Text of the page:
Netflix tightens its purse strings
Netflix chief content officer Ted Sarandos told several senior executives last month that spending on film and TV projects, particularly big budget movies, needed to be more cost-effective, The Information reports.
Why it matters: Netflix's heavy spending has set the bar for all of the other streamers looking to challenge it. But Sarandos reportedly said that big-budget projects need to bring in lots of viewers, not just drive buzz.
The big picture: In the past, Netflix used "a ratio of their cost to a measure of viewership that gives more weight to new subscribers and those viewed at risk of canceling," The Information's Jessica Toonkel, Tom Dotan and Beejoli Shah write.
Be smart: Matthew Ball, former head of strategy at Amazon Studios, argues that this is not a sign of trouble for Netflix, but rather a sign of maturation.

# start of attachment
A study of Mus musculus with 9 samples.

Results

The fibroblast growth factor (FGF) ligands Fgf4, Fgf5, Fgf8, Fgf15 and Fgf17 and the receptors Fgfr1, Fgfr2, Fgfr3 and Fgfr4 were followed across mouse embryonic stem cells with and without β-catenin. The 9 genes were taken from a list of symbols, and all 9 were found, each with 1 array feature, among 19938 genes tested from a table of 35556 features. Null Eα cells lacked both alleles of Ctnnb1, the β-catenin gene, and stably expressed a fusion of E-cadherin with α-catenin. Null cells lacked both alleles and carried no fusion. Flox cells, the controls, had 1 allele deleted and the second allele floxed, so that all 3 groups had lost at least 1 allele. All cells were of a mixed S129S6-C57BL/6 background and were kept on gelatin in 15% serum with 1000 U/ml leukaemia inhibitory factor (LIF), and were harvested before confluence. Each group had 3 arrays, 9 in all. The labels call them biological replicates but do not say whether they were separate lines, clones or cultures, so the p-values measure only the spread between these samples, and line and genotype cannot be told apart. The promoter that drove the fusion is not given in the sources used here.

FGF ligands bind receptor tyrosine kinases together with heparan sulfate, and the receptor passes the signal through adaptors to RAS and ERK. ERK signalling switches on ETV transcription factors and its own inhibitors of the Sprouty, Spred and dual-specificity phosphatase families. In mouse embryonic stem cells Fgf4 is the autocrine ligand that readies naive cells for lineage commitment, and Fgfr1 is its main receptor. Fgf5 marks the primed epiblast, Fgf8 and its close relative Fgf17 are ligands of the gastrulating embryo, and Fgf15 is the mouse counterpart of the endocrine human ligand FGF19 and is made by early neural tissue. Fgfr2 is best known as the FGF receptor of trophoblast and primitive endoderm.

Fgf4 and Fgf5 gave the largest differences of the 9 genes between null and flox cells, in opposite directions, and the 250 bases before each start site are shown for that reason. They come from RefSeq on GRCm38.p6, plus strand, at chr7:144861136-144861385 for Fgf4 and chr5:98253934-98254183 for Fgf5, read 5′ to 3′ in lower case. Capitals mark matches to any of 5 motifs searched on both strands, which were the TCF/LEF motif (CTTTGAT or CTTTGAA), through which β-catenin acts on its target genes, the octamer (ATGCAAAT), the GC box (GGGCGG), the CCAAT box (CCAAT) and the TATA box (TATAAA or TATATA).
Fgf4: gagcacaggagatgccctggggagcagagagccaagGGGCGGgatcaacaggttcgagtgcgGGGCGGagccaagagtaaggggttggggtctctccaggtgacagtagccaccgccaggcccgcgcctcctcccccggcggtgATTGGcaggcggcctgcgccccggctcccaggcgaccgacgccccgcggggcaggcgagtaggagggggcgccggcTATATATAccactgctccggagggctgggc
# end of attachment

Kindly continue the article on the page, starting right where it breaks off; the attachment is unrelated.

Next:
- He says Netflix for a long time needed to focus on creating enough scale to add as many users as possible. Now that it's achieved that, Ball argues it can be pickier.
What's next: There's been a lot of talk about whether companies that make content and own streaming services would eventually pull their titles in favor of their own platforms.
- NBC said last week that 'The Office' would leave Netflix in 2020 to stream exclusively on NBCUniversal's forthcoming streaming service.
- Yes, but: Over the weekend, news broke that DC Entertainment, which is owned by AT&T's Warner Bros., would license its new series for its hit comic Sandman to Netflix for a pretty price, proving that theory wrong.